How to take care of your leather shoes:

  • Make sure to remove any dirt or stains after use.
  • Spray your leather shoes with weather proof coating to prevent water and weather damage.
  • Clean and maintain your shoes according to the leather of your shoes.
  • Always use a shoehorn when putting on your leather shoes.
  • Remember to let your leather shoes breathe and rest for at least 12 hours between wearing.
  • Let your leather shoes dry naturally, never in a shoe dryer or on a heated floor.
  • Use a shoe tree for your leather shoes when not in use to make them keep the shape.

Without proper conditioning and care, leather can dry out until it eventually cracks and falls apart.


Smooth leather:

Remove dirt with a soft cloth or brush, or by using a shoe cleaner for smooth leather. Let the shoes dry for a few minutes and start shining them with a soft cotton cloth.

Conditioning your leather shoes will help soften and moisturize the leather and protect it from drying out and cracking. Use a natural conditioner that is absorbed into the material of the shoe. After a couple of minutes, wipe any remaining conditioner off, as the leather will only absorb what it can.

Apply polish to a small, less conspicuous area of the shoe to test and be sure the color is right or use a clear polish. Rub the polish into the shoe with a soft cloth and allow it to dry thoroughly. After the shoe polish is dry, shine your shoes by buffing them with a soft cloth or brush made specifically for shoe-shining.

Olive oil or walnut oil works for smooth leather as well, and is an alternative to traditional shoe polish. Work a small amount into the shoe and polish with a soft cotton cloth. Again, try this method in an inconspicuous spot before using the oil on the entire shoe.


Suede or nubuck:

Nubuck is a type of leather with a soft, velvety surface and it is some of the most expensive leather to purchase. Unlike the less expensive suede, nubuck leather is far more durable. The main difference between the two is that nubuck is sanded on the outer surface of the leather, essentially the part that would have been the exterior of the animal’s skin, while suede is sanded on the inner layer of the skin.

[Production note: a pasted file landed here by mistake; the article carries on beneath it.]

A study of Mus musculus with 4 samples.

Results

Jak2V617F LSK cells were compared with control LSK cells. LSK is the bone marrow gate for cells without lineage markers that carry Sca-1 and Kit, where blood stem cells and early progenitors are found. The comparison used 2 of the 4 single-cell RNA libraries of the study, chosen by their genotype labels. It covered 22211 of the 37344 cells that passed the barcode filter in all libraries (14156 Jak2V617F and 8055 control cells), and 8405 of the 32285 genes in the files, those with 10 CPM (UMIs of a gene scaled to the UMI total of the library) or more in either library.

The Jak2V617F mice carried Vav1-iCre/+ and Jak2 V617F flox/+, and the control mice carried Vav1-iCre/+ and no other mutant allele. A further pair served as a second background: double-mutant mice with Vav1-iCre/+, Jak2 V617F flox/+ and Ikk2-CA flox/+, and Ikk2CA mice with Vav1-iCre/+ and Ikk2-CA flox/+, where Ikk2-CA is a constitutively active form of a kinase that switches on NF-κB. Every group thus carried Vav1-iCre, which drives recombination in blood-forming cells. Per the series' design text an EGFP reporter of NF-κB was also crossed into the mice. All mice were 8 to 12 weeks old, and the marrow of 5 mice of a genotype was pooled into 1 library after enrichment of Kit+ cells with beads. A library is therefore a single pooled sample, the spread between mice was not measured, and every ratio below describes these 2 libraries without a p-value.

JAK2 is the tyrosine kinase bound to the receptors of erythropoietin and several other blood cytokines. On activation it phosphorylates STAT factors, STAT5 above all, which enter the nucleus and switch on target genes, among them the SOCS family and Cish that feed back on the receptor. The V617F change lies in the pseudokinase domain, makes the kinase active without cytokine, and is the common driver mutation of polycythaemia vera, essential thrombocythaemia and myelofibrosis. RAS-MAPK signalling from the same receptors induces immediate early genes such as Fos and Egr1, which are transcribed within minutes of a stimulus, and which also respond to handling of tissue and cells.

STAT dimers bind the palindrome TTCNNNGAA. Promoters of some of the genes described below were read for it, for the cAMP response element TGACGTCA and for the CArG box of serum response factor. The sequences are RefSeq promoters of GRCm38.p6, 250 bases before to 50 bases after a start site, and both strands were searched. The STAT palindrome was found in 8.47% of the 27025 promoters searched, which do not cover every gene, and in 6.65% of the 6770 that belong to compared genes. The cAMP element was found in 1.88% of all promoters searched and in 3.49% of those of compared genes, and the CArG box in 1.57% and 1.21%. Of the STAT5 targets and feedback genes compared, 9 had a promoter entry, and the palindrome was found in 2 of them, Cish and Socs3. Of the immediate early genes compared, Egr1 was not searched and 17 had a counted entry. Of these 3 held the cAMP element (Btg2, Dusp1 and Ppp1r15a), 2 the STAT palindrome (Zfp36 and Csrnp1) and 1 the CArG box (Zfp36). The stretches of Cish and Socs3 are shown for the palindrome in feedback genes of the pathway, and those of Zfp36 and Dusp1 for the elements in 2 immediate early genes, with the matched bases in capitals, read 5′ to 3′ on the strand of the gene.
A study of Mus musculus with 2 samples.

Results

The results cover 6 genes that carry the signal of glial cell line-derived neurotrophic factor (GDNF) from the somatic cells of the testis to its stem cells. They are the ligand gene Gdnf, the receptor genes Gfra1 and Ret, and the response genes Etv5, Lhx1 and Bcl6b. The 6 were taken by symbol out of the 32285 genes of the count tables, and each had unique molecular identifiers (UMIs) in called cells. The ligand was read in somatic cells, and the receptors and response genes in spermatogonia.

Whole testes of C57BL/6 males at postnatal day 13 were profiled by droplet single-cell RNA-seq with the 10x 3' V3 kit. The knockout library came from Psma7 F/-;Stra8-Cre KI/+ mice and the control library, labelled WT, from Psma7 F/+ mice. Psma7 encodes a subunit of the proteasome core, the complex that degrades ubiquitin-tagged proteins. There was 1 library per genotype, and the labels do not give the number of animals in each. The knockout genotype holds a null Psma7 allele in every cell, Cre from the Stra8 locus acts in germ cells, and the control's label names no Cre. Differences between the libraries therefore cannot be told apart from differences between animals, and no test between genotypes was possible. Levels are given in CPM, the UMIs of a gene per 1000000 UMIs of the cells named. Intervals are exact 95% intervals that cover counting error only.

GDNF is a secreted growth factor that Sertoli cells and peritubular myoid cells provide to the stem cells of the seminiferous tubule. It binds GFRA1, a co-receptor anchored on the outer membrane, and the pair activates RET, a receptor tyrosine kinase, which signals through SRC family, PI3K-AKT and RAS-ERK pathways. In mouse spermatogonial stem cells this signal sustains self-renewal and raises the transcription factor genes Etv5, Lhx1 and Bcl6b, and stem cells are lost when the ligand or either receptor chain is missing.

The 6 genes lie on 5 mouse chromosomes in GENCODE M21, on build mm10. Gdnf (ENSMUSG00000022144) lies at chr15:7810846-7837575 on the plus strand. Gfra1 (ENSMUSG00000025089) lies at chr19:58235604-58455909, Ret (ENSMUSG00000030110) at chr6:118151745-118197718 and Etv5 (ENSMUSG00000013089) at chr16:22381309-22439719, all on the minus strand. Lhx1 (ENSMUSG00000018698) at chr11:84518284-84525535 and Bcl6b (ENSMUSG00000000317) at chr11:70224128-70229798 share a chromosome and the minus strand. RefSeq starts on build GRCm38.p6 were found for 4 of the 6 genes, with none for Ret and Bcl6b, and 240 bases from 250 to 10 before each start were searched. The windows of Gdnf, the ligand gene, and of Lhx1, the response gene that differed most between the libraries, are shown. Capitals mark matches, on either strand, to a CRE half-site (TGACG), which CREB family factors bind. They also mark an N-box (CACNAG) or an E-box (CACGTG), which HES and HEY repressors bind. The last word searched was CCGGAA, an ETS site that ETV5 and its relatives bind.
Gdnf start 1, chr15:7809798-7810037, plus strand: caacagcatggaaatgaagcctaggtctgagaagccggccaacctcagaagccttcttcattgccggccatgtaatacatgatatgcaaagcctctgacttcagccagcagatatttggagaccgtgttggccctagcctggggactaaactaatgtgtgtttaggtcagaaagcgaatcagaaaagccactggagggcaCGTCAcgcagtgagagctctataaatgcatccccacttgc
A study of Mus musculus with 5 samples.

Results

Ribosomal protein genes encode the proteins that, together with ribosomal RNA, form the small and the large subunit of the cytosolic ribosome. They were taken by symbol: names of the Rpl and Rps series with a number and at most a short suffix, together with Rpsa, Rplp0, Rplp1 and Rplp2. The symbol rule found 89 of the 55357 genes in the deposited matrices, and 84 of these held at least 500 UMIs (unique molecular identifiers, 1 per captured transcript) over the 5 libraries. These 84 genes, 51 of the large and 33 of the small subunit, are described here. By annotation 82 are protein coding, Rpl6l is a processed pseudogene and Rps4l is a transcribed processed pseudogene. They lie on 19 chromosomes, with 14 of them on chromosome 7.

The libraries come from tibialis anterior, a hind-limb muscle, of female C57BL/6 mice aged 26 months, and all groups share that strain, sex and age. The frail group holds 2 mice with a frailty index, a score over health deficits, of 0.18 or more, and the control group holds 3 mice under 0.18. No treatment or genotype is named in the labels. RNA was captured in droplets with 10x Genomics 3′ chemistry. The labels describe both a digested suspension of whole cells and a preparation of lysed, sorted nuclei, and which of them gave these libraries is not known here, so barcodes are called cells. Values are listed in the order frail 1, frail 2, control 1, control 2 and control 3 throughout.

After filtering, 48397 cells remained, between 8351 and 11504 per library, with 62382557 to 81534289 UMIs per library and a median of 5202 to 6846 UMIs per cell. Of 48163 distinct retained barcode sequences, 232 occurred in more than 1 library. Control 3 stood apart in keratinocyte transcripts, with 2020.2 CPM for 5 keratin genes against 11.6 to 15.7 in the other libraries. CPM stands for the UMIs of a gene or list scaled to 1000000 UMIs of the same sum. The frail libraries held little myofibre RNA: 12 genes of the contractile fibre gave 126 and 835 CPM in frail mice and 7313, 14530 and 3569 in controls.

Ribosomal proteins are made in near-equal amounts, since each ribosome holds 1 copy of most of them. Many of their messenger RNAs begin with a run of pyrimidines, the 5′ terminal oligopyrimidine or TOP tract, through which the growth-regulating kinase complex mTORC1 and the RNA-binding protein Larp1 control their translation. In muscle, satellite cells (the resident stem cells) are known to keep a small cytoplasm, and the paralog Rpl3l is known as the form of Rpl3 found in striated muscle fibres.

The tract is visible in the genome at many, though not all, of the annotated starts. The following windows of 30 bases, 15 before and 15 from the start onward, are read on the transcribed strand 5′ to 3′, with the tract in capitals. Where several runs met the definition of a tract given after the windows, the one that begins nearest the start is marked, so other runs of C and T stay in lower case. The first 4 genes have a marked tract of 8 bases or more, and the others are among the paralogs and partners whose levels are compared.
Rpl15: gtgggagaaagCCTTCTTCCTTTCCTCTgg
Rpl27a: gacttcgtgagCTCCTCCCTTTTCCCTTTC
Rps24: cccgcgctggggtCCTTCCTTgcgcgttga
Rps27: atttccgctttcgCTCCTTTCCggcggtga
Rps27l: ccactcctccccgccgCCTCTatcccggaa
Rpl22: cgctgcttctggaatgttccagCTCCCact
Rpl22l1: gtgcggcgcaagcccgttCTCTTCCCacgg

Brush your shoes with a suede or nubuck brush to restore the nap of the leather. Brush gently to avoid damaging the soft suede or nubuck. For tougher stains, try carefully to use pencil eraser or fine sandpaper.

Clean spills immediately using a solvent-based cleaner that has been specially formulated for suede and nubuck. Use the solvent-based cleaner according to the label instructions for best result.

Care and conditioning are very important for suede and nubuck leather. There are products available that protect condition and revive the color of this special material. The nap of suede and nubuck leather needs to be brushed up frequently to preserve the unique look of the material. For oiled nubuck use a conditioner that replaces the oil that wear takes out of the material.

Shoes with a nap, such as suede and nubuck, can’t be polished. Water-/weatherproofing are particularly important for the preventive maintenance of this sensitive material. Use sprays specifically designed for this material and repeat the process frequently to keep the protective film.


Patent leather:

Made from natural leather, patent leather comes from applying a lacquer or varnish after the tanning and gives the leather a glossy, hard surface.

Remove dirt with a moist cloth and then polish with a dry cotton cloth.

Cracks and deep scratches  are irreversible, but will be less visible with a small amount of nail polish in the right color.  


Leather soles:

Leather soles are very exclusive and they are basically meant for dry weather. For use otherwise you should have a shoemaker put on a rubber sole.

Use a dry soft cloth or brush to clear dirt particles and clean the sole with a moist cloth afterwards. Dip the cloth in a mixture of 50% water and 50% vinegar and rub the spots until they are completely removed.

Rinse the cloth in fresh water and dip the damp cloth in mink oil. Apply the oil and make sure it covers every part of the sole. Mink oil helps to waterproof your leather. Wipe off the excess oil with a dry cloth and let dry naturally.


Salt on shoes/boots:

Damaging white salt marks should be rinsed off immediately with 50/50 mixture of white distilled vinegar and water. Wipe dry and follow the instructions for cleaning. Let dry naturally.


Shoe storage:

Transitioning from winter to summer requires you to store some of your winter boots that you won’t be wearing during the summer. Leather boots are generally a sizeable investment, and properly cleaning and storing them ensures that they will last for years to come.

  •  Remove any dirt or salt as these elements can damage the leather. With a soft cloth, rub leather cleaner, mink oil or olive oil on your boots.
  • If any part of your shoes need repair, such as the heels, take them to a shoe repair shop. Have them waterproofed there as well.
  • Fill each shoe’s toe bed with crumpled newspaper to absorb any moisture and odor.
  • Create support for the boot calf by stuffing crumpled newspaper into each boot until the leg holds its shape. You can also use empty egg cartons, folded magazines or boot shapers.
  • Place your boots in their original shoebox, if possible, or in an appropriately sized storage bin with a lid. Ensure that the boots’ toes point away from each other. Storing your boots horizontally in a box helps them maintain their shape and protect them from dust.
  • Never store your leather shoes in a plastic bag.